On Nov. 23, millions of people across the United States gave thanks for all of the blessings they have received in the past year. The following day, which has come to be known as Black Friday, those same people hit the stores in search of Christmas presents, giving their hard-earned money to the retailers for gifts to be placed under the tree in late December.
A second option that involves “giving” to businesses has taken storm in recent years with Cyber Monday, which is when online stores put their best prices out there for the public to gobble up deals for more soon-to-be presents. And now there’s “Giving Tuesday,” which allows people to dedicate a day to give to their favorite organizations as a kickoff to the giving season.
Started in 2012 by the 92nd Street Young Men’s and Young Women’s Hebrew Association in Manhattan, N.Y., and the United Nations Foundation, it was created as a response to commercialization and consumerism in the post-Thanksgiving season. While it started in the United States, in recent years countries around the world joined in the movement to help solve problems at both the local and national levels. In one year alone, Giving Tuesday raised around $27 million thanks to the more than 15,000 partner organizations in the U.S. and 15-plus countries.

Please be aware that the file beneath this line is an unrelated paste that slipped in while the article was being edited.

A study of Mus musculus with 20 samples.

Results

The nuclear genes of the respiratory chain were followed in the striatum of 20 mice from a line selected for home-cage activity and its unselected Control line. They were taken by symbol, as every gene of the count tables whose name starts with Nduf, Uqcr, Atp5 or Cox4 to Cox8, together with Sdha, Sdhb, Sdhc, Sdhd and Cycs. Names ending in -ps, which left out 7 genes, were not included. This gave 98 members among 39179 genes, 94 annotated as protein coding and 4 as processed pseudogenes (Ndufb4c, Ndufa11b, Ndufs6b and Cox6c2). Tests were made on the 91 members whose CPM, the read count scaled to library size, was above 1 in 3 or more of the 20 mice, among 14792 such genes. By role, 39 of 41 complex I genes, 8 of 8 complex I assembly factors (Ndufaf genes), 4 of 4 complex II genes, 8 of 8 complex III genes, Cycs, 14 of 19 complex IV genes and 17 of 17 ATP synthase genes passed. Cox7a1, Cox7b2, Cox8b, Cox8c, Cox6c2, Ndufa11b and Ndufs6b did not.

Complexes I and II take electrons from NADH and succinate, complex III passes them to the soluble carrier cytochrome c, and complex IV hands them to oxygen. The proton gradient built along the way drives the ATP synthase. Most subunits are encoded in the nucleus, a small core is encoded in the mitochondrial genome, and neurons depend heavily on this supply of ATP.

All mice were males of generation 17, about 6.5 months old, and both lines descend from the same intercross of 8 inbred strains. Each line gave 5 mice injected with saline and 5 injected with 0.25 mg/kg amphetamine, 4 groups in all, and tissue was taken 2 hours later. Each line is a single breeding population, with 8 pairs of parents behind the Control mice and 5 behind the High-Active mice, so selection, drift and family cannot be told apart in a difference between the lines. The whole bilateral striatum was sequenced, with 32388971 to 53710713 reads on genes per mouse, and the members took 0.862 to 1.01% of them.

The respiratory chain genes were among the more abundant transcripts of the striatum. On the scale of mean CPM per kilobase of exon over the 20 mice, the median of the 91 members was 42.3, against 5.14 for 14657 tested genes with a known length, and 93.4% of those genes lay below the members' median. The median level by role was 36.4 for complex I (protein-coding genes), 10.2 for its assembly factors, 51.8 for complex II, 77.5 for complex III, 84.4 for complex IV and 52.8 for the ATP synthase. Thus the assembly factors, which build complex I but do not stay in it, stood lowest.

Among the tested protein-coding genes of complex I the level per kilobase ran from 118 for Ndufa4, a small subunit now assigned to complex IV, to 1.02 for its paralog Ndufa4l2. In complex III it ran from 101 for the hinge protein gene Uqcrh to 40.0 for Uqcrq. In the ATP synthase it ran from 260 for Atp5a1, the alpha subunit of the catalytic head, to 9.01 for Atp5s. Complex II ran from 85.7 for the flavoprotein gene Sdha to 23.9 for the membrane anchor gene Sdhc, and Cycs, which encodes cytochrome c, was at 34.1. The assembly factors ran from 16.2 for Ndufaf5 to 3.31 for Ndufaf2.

“Everyone can be a philanthropist,” said Beverly Greenfield, director of media relations at 92nd Street Y, in an article in the Detroit News. “You don’t have to be giving a million dollars. This tries to get a lot of organizations in front of people and encourages them to be involved in their communities. … Giving Tuesday is about getting together and making a lot of news so we can get people focused on giving on a regular basis.”
On one Giving Tuesday, Good Ventures, a foundation started by Facebook co-founder Dustin Moskovitz and his wife, Cari Tuna, handed out $5 million in matching monies to GiveDirectly, a nonprofit organization that distributes cash payments to poverty-stricken people around the globe. Elsewhere, the United Methodist Church collected $6.5 million in donations from two dozen countries.
The Synod of the Trinity is challenging Presbyterians, their congregations and our presbyteries to join in the Giving Tuesday spirit, even after Nov. 28 has passed. By clicking here, money can be donated to the Synod of the Trinity through Presbyterian Mission Exchange, a service of the Presbyterian Foundation. Money donated will support peacemaking grants, campus ministries or the many other ministries of the Synod. And while you are on the Presbyterian Mission Exchange, check to see if your congregation or presbytery is there and say “thank you” for their ministry by donating on Giving Tuesday.
To read about the PCUSA’s drive for Giving Tuesday contributions, click here.